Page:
The Planetary Science group unlocks the secrets of a giant Mars ice cloud

The ESA has highlighted the detailed, long-term study carried out at the UPV/EHU-University of the Basque Country and made possible by new observations from the Mars Express probe

  • Research

First publication date: 09/06/2021

Jorge Hernández

The UPV/EHU's Planetary Science group has investigated the dynamics of a peculiar cloud of water ice that could be up to 1,800 km long and 150 km wide; it stretches out rapidly before fading within a few hours in a rapid daily cycle that is repeated every morning for a period of several months. This detailed study has been highlighted by the European Space Agency.

When spring arrives in southern Mars, a huge cloud of water ice emerges near the 20 km-high Arsia Mons volcano. At its largest extent, the cloud is about 1,800 km long and 150 km wide. It forms when the volcano acts as an obstacle to the wind; air is forced up its flanks and carries moisture which, on cooling, eventually forms what is known as an orographic cloud; the peculiarity of this orographic cloud is that once formed, at a height of 45 km, the wind carries it along causing it to expand rapidly at a speed of about 600 km/h; so in just 2 or 3 hours, the largest orographic cloud ever seen on Mars is formed. The cloud undergoes a rapid daily cycle that repeats itself every morning over a period of several months. It starts growing before dawn, expands rapidly, then stops expanding, breaks away from its original location and eventually evaporates in the latter part of the morning when the rising sun causes air temperatures to increase. 

That is the cloud’s daily cycle, discovered by researchers belonging to the UPV/EHU’s Planetary Science Group in collaboration with researchers from other countries; it was discovered by combining the images taken by several cameras, featuring new observations made using a small camera on board the ESA Mars Express probe, a long-running Mars exploration mission in orbit since 2003. The detailed study of the dynamics of this peculiar cloud has been highlighted by the European Space Agency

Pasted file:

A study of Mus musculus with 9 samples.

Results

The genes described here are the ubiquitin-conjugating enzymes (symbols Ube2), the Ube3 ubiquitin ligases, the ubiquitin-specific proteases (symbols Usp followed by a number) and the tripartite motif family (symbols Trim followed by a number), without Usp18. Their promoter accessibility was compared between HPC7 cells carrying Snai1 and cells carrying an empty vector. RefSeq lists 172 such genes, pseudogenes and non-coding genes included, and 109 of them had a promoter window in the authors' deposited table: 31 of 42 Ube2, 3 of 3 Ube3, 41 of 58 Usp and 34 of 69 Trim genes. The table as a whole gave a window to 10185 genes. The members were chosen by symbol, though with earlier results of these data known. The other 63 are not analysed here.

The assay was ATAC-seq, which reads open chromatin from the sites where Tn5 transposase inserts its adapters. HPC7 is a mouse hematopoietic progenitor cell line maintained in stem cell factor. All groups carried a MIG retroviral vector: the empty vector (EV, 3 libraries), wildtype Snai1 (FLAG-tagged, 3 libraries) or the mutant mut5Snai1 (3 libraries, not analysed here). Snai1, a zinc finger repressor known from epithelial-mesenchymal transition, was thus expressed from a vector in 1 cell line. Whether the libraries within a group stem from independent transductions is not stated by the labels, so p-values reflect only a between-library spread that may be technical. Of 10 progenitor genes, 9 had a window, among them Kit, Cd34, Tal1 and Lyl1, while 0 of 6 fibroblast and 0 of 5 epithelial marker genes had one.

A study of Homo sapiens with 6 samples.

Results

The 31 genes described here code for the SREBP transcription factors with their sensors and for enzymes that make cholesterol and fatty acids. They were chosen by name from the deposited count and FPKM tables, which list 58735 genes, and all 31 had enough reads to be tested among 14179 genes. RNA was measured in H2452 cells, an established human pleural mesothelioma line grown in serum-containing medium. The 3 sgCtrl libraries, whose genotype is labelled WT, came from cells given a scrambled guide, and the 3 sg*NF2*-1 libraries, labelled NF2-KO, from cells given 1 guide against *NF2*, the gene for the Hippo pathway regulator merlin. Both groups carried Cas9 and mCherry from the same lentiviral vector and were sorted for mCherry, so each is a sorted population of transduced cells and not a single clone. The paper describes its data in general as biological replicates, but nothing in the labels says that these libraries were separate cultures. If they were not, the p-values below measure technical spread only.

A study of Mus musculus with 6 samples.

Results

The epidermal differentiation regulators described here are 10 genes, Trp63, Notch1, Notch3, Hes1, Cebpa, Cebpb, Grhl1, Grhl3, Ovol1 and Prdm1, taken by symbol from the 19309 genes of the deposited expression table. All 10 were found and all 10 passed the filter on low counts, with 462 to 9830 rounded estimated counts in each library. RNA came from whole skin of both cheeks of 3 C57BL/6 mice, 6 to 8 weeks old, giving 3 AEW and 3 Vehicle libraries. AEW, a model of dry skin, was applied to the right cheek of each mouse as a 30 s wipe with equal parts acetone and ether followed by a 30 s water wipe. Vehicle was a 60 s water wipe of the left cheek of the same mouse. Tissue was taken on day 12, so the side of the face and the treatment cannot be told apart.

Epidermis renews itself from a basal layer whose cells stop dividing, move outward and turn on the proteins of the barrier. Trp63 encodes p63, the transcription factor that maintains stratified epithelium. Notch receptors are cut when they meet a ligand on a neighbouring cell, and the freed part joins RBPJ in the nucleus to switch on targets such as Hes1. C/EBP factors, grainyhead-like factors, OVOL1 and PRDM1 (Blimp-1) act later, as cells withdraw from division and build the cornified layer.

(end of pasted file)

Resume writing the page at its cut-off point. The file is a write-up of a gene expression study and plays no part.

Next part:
The cloud is difficult to observe in its entirety because of the rapid changes in the dynamics of the Martian atmosphere and the limitations in the orbit of many spacecraft. "To overcome these obstacles, we are using one of the Mars Express instruments: the Visual Monitoring Camera (VMC),” said Jorge Hernández-Bernal, predoctoral researcher in the Planetary Science Group and lead author of the study. 

Repurposing a webcam 

This instrument, dubbed the Mars "webcam", has a resolution similar to that of a standard 2003 webcam; however, this work has demonstrated a very interesting and unanticipated use of the VMC, as the camera has not been used for scientific research in recent years. "Although it has a low spatial resolution, it has a wide field of view, which is essential for obtaining a better perspective at different times of the day, and it is great for tracking the evolution of a specific phenomenon over a long period of time and at short intervals. That has enabled us to study the entire cloud over numerous life cycles," added the researcher. 

The research team has combined observations from the VMC camera with those from two other Mars Express instruments and from other spacecraft, and even observations made in the 1970s. The high-resolution cameras on Mars Express have narrow fields of view and observations are always planned in advance. That way, weather phenomena —which tend to be unpredictable— are usually detected by chance. However, once researchers had begun to understand the life cycle and annual patterns of this elongated cloud, they were able to guide the other high-resolution camera equipment to the appropriate location and at the right moment to capture the cloud as it emerged. 

"Many Martian orbiters cannot even observe this part of the planet's surface until early afternoon, due to the characteristics of their orbits, so this is the first detailed exploration of this interesting phenomenon, something possible not only thanks to the diversity of the Mars Express instruments, but also to its orbit," explained Agustín Sánchez-Lavega, a UPV/EHU professor, co-author of the study and VMC science team lead. "Although orographic clouds are frequently observed on Earth, they do not attain this enormous length nor have such changing dynamics. Understanding this cloud gives us an excellent opportunity to try to replicate its formation with models that will improve our knowledge of climate systems on both Mars and Earth," he concluded. 

Further information 

Jorge Hernández-Bernal graduated in Physics at the University of Salamanca and did a Master's degree in Space Science and Technology at the UPV/EHU. Right now, he does research in the UPV/EHU’s Planetary Science Group where he is writing up his PhD on the climate of Mars through the study of various meteorological phenomena on the planet; the group is led by the Professor of Applied Physics and astrophysicist Agustín Sánchez-Lavega.